OK. I probably overestimated my abilities. I told my writing friends I'd be blogging about the conference each day. After Day 1, I can see how this might be overwhelming. To me and possibly to anybody reading this.
So I'll keep it brief and fill in details as they come up in future posts. Because this conference, after only one day, is packed full of helpful, amazing, interesting stuff.
Stewart O'Nan spoke first. I'd just read his new novel: Songs for the Missing. I love his writing. He spoke about his journey, beginning in his basement writing room, through conferences, and eventually an MFA from Cornell. He's a big believer in reading to learn how to write and gave us numerous challenges in that department. (I guess I'll have to tackle Joyce Carol Oates after all.) He reads to look at sentences, their construction, to notice words. More of his advice?
Set your big scenes big.
Surprise the reader. (Change the tone. Make an unreliable first person noticeable. Shock the reader.)
Keep your characters with you. Carry them around Feel yourself as that character.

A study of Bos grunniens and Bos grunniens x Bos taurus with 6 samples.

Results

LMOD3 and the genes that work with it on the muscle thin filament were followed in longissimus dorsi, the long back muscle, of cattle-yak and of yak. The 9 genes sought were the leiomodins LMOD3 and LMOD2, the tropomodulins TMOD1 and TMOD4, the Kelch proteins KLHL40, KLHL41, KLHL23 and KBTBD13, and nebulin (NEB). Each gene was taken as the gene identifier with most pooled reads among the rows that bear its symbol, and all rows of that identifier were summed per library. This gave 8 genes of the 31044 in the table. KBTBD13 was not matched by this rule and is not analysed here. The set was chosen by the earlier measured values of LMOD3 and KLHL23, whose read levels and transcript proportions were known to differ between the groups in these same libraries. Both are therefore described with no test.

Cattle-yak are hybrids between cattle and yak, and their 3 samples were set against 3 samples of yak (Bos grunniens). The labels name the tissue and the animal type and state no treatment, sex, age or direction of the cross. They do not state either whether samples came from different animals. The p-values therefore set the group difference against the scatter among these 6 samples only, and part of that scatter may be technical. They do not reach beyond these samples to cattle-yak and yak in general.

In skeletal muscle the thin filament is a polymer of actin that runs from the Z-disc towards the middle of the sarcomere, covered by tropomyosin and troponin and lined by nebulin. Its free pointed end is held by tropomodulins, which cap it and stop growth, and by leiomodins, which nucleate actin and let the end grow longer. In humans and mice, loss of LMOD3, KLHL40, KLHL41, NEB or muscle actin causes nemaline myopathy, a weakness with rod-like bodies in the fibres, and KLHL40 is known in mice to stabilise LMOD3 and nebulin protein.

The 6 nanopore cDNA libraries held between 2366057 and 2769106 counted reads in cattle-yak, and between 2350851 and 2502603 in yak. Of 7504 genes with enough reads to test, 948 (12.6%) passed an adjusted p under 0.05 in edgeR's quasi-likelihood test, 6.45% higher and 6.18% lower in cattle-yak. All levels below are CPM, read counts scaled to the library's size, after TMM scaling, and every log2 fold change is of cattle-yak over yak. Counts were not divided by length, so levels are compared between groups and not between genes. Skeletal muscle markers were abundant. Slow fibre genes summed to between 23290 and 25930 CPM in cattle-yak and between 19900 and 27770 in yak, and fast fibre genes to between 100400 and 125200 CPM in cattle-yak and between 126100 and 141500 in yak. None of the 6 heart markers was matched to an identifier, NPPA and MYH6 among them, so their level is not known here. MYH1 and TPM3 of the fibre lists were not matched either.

"Writing is like reading a good book. You live in that world and don't want to leave."
Then I moved to my afternoon memoir workshop with Ann Hood (the reason I wanted to be a part of this conference. Love her writing.)
"You can't write non-fiction unless you tell the truth. You can't worry about what others think."
Since I even worry about what others might make of my fiction, this is food for thought for me.
She quoted Gregory Maguire. The What if, Then What, And then, And then thing. A great way to get at the story. In non-fiction (and in fiction), the most important of these questions is the next one: So What?
In all writing, the focus should be right there at the beginning, in the first sentences. We should know where we are and what we are in for.
Tips I think I'll work on:
1. Picture sentences. Close your eyes. If you can't picture it, it needs help.
2. In non-fiction, use all the devices of fiction: dialogue, setting, character, action, climax, resolution.
3. Find a central metaphor (examples: knitting, fire), something that gives your story meaning.
That's about all my brain can process at the moment. Stay tuned.